Just a day before the 2002 National Hockey League Entry Draft in Toronto, Rick Nash told reporters that it was his goal to be picked first overall.
He never actually believed his dream would become reality until the Columbus Blue Jackets traded up to get the top pick before announcing his name at the Air Canada Centre.
“It was amazing. I was sitting there just thinking about [Jay] Bouwmeester going to Florida and the next thing you hear there’s been a trade,” said the 6-foot-3, 188-pound forward, who hails from Brampton, Ont. “It’s like going down a big roller coaster right now.”
The Florida Panthers traded their first overall pick in this year’s draft to Columbus for the Blue Jackets’ third overall pick and the right to exchange first round picks in next year’s draft at Florida’s option.
Then, Columbus general manager Doug MacLean proceeded to the podium and called Nash up to the stage, where the talented London Knights forward pulled a Blue Jackets jersey over his shoulder.
“I was really looking forward to being picked by Columbus and now that I have the chance to, I’m really happy here and very excited,” said Nash, who counted 32 goals and 40 assists in 54 games played during his second OHL season.
Whether it has been with the Canadian National Junior Team or the Knights, Nash has definitely shown he has an abundance of talent. Now he has to prove he has what it takes to make the jump to the next level.
“Yeah, I’m looking forward to it,” said Nash about attending the Columbus training camp next season in an effort to crack the lineup of the Blue Jackets. “That’s my goal, to play next year, and I’m really looking forward to coming to Columbus. I think I’m ready to make the jump. I’m going to do everything I can to be playing next year and hopefully be a big part of the team.”
With the second overall pick, the Atlanta Thrashers also decided to pass on Bouwmeester – the top rated North American skater by the NHL’s Central Scouting Service – and instead take Finnish goaltender Kari Lehtonen.
While Lehtonen thought there was a chance Atlanta would pick him in second spot, he was surprised to go behind Nash rather than Bouwmeester.
“Of course, I think that there’s a good chance to be drafted to Atlanta,” the 6-foot-3, 190-pound netminder said, “but this was a surprise for me.”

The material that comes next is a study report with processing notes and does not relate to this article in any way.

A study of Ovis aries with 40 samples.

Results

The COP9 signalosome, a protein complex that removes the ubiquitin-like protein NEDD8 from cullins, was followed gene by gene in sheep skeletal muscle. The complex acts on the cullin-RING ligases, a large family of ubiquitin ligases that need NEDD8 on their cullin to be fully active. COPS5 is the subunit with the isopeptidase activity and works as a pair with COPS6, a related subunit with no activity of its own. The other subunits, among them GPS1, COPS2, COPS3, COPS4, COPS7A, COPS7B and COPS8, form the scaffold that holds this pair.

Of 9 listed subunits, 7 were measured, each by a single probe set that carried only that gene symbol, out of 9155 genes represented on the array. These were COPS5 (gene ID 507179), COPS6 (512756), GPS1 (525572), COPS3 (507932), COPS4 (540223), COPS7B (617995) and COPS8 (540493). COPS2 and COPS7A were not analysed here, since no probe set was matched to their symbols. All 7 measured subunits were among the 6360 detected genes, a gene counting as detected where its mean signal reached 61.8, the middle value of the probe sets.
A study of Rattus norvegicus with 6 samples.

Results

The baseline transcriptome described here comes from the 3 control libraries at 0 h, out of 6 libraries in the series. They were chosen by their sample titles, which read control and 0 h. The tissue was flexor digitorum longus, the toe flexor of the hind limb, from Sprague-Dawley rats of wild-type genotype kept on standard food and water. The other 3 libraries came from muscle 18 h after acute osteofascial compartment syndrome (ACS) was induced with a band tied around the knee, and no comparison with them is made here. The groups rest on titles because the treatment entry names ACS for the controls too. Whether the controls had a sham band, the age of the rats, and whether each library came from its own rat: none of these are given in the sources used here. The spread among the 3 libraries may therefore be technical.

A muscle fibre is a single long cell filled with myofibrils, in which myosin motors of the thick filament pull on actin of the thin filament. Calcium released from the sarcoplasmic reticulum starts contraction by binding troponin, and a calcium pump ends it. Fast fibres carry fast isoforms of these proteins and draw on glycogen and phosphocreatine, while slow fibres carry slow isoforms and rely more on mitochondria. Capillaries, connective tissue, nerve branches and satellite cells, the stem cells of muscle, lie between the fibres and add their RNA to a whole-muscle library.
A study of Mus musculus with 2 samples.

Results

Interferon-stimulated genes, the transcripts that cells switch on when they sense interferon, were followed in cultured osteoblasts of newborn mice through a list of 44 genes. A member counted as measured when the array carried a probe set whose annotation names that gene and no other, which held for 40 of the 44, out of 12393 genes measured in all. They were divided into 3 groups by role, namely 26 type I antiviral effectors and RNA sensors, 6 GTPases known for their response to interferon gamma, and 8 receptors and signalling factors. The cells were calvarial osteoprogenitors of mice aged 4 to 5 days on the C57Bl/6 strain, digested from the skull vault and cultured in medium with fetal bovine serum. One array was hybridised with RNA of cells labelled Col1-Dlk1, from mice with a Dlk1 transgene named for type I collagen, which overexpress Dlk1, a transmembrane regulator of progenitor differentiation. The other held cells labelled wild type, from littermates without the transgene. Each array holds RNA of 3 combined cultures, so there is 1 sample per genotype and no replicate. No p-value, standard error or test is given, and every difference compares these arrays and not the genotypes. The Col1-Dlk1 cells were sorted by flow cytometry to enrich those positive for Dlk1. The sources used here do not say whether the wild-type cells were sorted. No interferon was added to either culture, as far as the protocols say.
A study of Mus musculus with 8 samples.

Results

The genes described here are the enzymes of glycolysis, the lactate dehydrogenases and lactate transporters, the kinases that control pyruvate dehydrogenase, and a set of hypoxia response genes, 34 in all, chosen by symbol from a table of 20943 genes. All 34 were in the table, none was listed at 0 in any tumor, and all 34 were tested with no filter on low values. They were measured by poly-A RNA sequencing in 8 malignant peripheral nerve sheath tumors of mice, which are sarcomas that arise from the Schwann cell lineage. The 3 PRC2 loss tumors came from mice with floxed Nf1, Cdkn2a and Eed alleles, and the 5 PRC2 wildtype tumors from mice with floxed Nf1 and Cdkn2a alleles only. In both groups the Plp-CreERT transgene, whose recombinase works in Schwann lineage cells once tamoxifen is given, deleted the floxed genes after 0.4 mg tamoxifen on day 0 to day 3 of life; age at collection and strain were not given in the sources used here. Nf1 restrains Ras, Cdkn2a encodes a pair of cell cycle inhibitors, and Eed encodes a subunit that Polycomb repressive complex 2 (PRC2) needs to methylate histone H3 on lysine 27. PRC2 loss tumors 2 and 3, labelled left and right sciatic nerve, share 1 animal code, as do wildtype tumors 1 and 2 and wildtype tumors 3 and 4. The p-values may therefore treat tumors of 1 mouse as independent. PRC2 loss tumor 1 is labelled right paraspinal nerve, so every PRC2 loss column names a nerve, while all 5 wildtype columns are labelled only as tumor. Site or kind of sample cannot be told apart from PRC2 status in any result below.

When asked if he expects to crack the lineup of the Thrashers this coming season, Lehtonen said he definitely has a chance.
“That’s my big goal, to play next year in the NHL,” said Lehtonen, who earned most valuable player honors on his way to backstopping his club team Jokerit to a Finnish Elite League championship this past season. “It’s too early to say right now. I hope that I can play next year in the NHL.”
By being picked second overall, Lehtonen also became the highest-ever European goalie to be selected in the history of the NHL Entry Draft.
“I think this shows that there’s good goalies in Europe, too,” Lehtonen said. “I’m very proud of this, very happy.”
While Bouwmeester has been touted for a few years to be the consensus No. 1 overall pick at the 2002 draft, he wasn’t too displeased to see his stock drop to third. After all, the team he thought would select him in top spot instead chose him two picks later.
“I went to the same place,” said the 6-foot-3, 210-pound smooth-skating defenseman. “I said all along, it’s just exciting to get drafted and have the opportunity to hopefully one day play.”
According to Bob Loucks, his coach with the Western Hockey League’s Medicine Hat Tigers, that day will come soon.
“When Florida gets him out on the ice and see what he’s like, I don’t think they’ll send him back [to the WHL],” Loucks said. “I’m sure he’ll show them that he deserves to be there and he will be there.”
Touted by many to be the strongest skating blueliner in years, Bouwmeester said he will work on getting stronger physically over the summer before heading to training camp.
“I’ll be playing against a lot of older guys,” he said, adding that he’ll also work on getting “defensively stronger in the corners [and] in front of the net.”
As for being picked by the Panthers, the Edmonton native is happy to be heading south to Florida.
“It’s a dream to play in the NHL no matter where you go,” he said. “It’s exciting and you have to be thankful for the opportunity.”